If you have never had real, homemade chili powder from scratch you haven’t had chili powder. I am not talking about buying tired herb powders at the grocery store, either. I am talking about toasting a mixture of dried chiles and whole spices, then grinding them into a vibrant mixture that is so good you almost want to eat it with a spoon. I literally have mixed this with butter and spread on bread. I am not kidding — this stuff is good. Do not dump cayenne and cumin into a jar and call it homemade chili powder, y’all. It’s just….
Well, bless your heart, don’t do it. Real chili powder, like what you are going to make from now on, is smoky, spicy, and layered with flavor from the use of several types of dried chiles.
Here is what I use and why. Once you get some experience you can experiment with other combinations.
- Cascabel – Doesn’t add much heat but the cascabel pepper has a smoky, nutty flavor that adds depth to the chili powder.
- Habenero – Hot Damn! The habenero peppers are in here for the heat but they also add a fresh, citrus flavor.
- Guajillo – Alton Brown described it best when he called it a spicy raisin. Guajillo chiles are not very hot but they have a green tea and berry flavor that adds a uniquely sweet flavor to the chili powder.
- Chipotle – Chipotles are rich, fruity, and smoky. They are (obviously) my favorite because they add a seductive, sexy flavor to all kinds of foods and the heat doesn’t smack you in the face. It twines around you seductively, warming and gentle until it gets comfortable and then it opens up with a fiery kiss you’ll remember forever
- Ancho – Sweet, smoky goodness with a kick of heat, ancho peppers are the dried form of Poblanos. These may or may not be in my chili powder, depending on my mood.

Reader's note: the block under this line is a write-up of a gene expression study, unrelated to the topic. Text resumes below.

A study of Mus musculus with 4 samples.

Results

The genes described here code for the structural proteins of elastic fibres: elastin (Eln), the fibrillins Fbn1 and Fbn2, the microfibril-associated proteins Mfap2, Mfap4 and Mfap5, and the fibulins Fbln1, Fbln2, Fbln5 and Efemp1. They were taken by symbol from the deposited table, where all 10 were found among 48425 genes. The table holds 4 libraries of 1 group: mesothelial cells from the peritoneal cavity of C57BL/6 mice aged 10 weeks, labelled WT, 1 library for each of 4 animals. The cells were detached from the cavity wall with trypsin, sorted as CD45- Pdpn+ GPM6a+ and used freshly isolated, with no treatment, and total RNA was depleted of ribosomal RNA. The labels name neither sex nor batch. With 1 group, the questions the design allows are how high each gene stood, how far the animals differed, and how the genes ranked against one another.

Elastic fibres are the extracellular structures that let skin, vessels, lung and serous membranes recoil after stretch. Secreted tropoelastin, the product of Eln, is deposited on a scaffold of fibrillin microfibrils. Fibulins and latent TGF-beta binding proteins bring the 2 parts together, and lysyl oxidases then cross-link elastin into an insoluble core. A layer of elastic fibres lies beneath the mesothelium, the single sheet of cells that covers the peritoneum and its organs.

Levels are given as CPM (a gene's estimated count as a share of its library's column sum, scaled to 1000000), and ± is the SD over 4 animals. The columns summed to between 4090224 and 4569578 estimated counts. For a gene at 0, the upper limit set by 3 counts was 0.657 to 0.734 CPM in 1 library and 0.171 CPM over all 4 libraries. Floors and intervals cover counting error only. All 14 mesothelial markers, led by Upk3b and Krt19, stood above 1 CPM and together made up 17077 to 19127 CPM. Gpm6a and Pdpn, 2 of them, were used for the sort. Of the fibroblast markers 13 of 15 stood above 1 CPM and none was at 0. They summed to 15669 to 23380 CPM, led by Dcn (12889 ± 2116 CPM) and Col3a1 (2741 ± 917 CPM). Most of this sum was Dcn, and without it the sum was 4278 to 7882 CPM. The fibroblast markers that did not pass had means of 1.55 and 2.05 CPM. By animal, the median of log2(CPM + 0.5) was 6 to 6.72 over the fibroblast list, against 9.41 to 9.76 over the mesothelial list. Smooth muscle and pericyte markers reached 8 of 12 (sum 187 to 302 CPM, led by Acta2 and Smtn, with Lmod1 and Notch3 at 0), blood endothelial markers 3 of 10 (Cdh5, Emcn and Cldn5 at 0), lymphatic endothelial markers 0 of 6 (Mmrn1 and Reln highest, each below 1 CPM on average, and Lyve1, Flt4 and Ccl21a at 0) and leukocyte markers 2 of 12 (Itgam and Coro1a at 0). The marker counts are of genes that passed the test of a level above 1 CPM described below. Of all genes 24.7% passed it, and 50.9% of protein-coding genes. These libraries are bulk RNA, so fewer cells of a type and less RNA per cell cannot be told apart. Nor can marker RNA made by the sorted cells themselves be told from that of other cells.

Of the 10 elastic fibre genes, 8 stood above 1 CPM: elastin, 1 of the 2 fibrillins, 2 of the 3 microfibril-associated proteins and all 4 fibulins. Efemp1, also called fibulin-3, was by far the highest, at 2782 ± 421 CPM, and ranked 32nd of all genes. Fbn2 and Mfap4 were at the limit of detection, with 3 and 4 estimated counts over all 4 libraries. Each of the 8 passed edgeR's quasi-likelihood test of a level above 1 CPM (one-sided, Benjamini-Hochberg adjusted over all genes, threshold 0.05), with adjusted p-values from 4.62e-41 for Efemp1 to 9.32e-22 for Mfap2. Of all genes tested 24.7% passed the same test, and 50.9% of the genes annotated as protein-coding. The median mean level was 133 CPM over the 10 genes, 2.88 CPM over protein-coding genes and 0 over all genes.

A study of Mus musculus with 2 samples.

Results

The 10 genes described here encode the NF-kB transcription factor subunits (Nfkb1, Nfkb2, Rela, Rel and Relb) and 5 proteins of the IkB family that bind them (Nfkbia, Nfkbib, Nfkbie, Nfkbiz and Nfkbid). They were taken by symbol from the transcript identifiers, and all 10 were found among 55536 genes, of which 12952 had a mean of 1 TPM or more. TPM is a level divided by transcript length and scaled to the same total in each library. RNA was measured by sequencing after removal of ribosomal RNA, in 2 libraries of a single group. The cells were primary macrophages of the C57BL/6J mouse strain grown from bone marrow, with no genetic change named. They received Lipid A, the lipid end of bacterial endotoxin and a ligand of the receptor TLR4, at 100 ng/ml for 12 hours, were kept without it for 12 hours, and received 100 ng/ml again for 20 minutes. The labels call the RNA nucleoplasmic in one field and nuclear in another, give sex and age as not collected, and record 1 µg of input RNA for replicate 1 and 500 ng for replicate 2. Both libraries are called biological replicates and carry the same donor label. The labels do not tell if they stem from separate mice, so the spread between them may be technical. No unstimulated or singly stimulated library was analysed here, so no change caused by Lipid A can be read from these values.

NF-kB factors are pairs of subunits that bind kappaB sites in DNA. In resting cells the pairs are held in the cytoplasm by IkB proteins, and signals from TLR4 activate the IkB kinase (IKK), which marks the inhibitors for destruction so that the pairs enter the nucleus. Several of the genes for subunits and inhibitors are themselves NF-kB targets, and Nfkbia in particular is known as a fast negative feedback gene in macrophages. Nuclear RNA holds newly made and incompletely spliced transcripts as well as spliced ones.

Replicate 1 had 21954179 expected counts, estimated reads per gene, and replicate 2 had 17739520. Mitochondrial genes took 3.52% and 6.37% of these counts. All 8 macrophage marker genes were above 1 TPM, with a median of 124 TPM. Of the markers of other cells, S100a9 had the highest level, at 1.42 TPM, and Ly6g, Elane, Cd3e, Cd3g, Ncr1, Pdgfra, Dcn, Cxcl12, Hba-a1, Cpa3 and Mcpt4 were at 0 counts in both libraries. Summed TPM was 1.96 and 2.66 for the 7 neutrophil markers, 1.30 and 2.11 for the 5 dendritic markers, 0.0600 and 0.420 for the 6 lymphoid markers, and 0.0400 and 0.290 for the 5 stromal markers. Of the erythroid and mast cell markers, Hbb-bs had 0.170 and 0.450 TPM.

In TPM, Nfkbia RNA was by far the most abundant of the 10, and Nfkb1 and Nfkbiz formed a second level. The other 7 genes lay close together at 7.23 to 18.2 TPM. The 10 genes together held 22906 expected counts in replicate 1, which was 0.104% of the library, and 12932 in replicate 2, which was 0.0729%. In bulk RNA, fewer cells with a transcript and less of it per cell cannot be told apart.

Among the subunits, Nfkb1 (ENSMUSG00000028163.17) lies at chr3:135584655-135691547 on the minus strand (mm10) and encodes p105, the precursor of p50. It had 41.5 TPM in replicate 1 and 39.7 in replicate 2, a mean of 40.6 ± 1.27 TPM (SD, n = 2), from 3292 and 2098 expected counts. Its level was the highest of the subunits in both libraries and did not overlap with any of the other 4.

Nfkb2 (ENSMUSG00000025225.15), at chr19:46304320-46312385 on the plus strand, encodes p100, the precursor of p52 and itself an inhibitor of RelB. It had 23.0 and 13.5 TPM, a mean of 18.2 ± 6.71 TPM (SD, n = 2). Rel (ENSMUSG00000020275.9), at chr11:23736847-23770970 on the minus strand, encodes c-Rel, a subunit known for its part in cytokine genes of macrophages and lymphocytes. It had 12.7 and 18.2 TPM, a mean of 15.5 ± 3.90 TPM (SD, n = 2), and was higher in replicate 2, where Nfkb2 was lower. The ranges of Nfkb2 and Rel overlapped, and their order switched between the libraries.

I don’t always use the same peppers in the same ratios when I make my homemade chili powder seasoning – it kind of depends on the flavor I want. This is my foundation chili recipe and it’s what I use most often. If you want your chili powder to be a little hotter leave some of the seeds in when you grind it, otherwise save the seeds to be used in anything you’d use crushed red pepper in.
- Choose dried peppers that are glossy and still pliable. If they are too dried out they won’t have any flavor.
- Always keep them in an airtight container and they’ll keep for a long time. I buy crazy huge amounts of them.
- Keep it in a cool dry place. I like to keep it in canning jars because I think that the glass keeps it fresh.
- If you are looking for a really neat homemade gift try a jar of this with a little raffia bow on it. Get ready, because once you start using this people are going to be asking how you make your chili.
- You are instructed to toast the chiles and cumin seed. If I am doing several chiles, like in this recipe, I’ll use the oven and watch them carefully. If I am doing just one or two I will use a heavy, cast-iron round griddle, also called a comal.
- You’ll need it to toast the cumin seeds, too. The toasting is an important part of getting the full flavor of the ingredients. Look, once you try this homemade chili powder you won’t be buying it again. You’re welcome.
YOU MAY NEED…
If you have trouble finding the chiles you can get them on Amazon. If you can’t find one kind just substitute with another type of dried chile. 🙂 Here are the guijillo chiles and you’ll find many more types as well.
Homemade Chili Powder from ScratchPrint Add to Collection Go to Collections
- 2 cascabel peppers
- 2 habenero peppers
- 3 guajillo peppers
- 3 chipotle peppers
- 1 ancho pepper
- 2 teaspoons whole cumin seed
- 1 teaspoon dried Mexican oregeno
- 1 teaspoon smoked paprika
- 1 teaspoon garlic powder
- 1/2 teaspoon roasted cinnamon
- Pinch of white stevia powder, optional
- Preheat the oven to 350°F.
- Place all of the peppers in a single layer on a heavy baking sheet.
- Bake for 5 minutes, or until you can smell the chiles and they are hot when you touch them. Don't over-bake them.
- Let the chiles cool and remove the seeds.
- Save the seeds for seasoning other things.
- Toast the cumin seed in a heavy skillet or on a comal. Let the skillet get hot.
- Add the cumin seed and heat for up to a minute, stirring constantly.
- The cumin should change color but don't let it burn.
- Add the cooled chiles and cumin seed to a blender.
- Blend on high until the ingredients are powdered.
- Add the remaining ingredients and blend.
- Store tightly covered in a cool,dark pantry.